The slow deterioration of Barnes & Noble (NYSE:BKS) continued through the company's fiscal 2018. The bookseller saw sales drop to $3.7 billion, down 6% from 2017.

Same-store sales fell by 5.4% for the year, and the company lost $125.5 million ($1.73 a share) after earning $22 million ($0.30 a share) in the previous year. The loss, however, is not as bad as it looks, as the chain had "non-cash asset impairment charges of $135.4 million, $16.2 million of severance charges, and $15.3 million of strategic initiative costs," according to the company's fourth-quarter earnings release.

Even if you dismiss the loss due to the one-time charges, it's still hard to feel positive about the chain's direction. CEO Demos Parneros tried to explain his company's future direction and how it's doing with its turnaround efforts during the company's Q4 earnings call.

A person looks at books on a shelf.

Barnes & Noble saw its same-store sales fall in 2018. Image source: Getty Images.

1. The CEO is confident

Even though sales have shrunk, Parneros believes things are moving in the right direction. His remarks reflected a cautious optimism:

Fiscal 2018 proved to be a challenging year for Barnes & Noble as retail dynamics continue to present headwinds for our business. That said, the actions we've undertaken regarding our strategic turnaround plan have laid the groundwork for the future, and we are beginning to see modest improvement in some areas.

He did acknowledge that 2018's results were "somewhat disappointing," but he said the chain had made progress. Parneros called 2018 a foundation for further improvements in 2019, including "improving our EBITDA to a range of $175 million to $200 million" from $145 million in 2017.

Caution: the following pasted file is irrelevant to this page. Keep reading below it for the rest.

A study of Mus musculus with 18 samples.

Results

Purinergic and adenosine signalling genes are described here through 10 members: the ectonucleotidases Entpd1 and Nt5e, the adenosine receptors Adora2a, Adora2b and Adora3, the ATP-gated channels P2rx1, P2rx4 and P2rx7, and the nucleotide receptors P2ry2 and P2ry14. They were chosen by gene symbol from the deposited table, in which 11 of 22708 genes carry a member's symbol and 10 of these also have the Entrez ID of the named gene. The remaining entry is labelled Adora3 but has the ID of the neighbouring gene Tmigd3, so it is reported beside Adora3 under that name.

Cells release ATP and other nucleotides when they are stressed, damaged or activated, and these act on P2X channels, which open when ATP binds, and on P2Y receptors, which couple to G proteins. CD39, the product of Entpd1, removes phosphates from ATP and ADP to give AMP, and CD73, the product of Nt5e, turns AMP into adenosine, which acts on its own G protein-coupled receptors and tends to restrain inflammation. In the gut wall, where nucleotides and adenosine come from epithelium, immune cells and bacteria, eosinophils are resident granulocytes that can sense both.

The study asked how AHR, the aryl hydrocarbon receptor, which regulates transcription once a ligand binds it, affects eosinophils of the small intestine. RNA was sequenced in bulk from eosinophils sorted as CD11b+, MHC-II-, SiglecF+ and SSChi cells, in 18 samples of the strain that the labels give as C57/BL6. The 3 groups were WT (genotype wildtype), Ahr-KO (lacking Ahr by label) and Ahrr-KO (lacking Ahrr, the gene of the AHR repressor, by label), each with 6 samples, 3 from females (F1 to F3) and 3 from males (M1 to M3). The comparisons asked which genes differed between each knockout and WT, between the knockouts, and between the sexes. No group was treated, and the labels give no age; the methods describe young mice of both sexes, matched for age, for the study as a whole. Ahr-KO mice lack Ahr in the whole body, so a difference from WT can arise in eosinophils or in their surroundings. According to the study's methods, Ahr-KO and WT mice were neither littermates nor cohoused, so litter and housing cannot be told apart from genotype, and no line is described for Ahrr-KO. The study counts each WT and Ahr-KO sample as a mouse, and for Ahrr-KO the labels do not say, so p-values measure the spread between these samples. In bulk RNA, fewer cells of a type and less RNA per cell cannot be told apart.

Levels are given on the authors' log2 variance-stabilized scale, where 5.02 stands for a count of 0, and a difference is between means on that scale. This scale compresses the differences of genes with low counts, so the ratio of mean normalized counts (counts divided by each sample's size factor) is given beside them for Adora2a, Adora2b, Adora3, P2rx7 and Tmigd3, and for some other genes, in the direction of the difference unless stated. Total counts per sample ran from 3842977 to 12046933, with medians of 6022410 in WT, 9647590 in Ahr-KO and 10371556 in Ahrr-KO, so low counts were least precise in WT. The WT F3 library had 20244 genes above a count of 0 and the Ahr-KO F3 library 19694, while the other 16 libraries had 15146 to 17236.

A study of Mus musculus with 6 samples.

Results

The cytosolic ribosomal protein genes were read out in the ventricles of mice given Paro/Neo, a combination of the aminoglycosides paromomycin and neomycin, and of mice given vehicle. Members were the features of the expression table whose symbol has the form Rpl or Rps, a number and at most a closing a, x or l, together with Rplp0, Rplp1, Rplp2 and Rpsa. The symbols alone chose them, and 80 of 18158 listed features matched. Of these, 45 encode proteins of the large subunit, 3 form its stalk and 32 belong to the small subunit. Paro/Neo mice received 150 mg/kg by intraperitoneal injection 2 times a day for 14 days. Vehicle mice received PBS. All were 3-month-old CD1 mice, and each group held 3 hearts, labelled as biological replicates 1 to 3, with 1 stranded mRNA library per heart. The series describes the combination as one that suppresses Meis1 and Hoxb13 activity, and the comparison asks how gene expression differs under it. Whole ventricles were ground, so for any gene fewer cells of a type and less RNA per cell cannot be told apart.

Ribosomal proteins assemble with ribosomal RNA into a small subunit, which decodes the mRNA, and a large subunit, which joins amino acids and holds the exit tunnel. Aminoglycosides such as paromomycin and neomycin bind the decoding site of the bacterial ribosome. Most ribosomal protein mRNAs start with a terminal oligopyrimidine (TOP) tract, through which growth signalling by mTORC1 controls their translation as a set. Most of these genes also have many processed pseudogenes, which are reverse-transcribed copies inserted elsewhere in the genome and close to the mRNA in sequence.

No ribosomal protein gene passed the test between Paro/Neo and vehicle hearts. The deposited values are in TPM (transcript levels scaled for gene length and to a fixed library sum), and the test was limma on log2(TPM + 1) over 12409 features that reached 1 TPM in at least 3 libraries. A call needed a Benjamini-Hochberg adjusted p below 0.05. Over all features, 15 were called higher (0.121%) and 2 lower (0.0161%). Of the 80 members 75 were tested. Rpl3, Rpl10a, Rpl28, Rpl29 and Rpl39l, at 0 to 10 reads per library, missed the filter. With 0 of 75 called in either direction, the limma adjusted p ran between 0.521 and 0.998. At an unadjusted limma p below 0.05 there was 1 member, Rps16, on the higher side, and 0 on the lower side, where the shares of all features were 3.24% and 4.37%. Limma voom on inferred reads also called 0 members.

2. What has Barnes & Noble done?

The bookseller took steps to control costs in 2018. One of them was a significant layoff that included many experienced department leads. Parneros said:

These initiatives include increasing customer engagement to improve conversion, clearing our over-assortment of less productive merchandise, and increasing our omnichannel capabilities.

And while there were cuts to in-store staff, the company added "several key hires" to its leadership team, according to the CEO.

3. What's next for Barnes & Noble?

Parneros expects same-store sales trends to improve year over year in fiscal 2019. To do that, the company will focus on:

... [E]nhancing the customer experience, better curation, increasing the value for our members and also investing in marketing to drive traffic. We're also innovating for the future through newly designed stores, focusing on existing high-potential businesses and developing a pipeline of new businesses.

This plan includes opening some new locations using a smaller, more flexible design in 2019. Barnes & Noble expects to open more stores than it closes during the coming year.

4. Join the club

Barnes & Noble launched its first book club in May. The early results, according to the CEO, have been encouraging. As Parneros stated:

I'm really excited about this program, which builds on Barnes & Noble's unique heritage to bring together and engage readers in a national conversation about books. This is core to what we do at Barnes & Noble, connecting readers and communities through engaging content and programs.

The book club will offer a new title each quarter. Barnes & Noble will host events around the book and offer exclusive content related to the selections.

Will it work?

The challenge for Barnes & Noble is building a business out of its most-devoted audience while also giving casual customers a reason to come in. That's a challenge given that readers have easy digital access to books, and casual customers may not want to come into a bookstore.

Still, the 2018 same-store sales drop could have been much worse. There are signs -- albeit small ones -- that the company is stabilizing its business. Parneros needs to build on those while creatively keeping costs down without harming the in-store experience. That's a tough task, but perhaps not impossible.

Daniel B. Kline has no position in any of the stocks mentioned. The Motley Fool has no position in any of the stocks mentioned. The Motley Fool has a disclosure policy.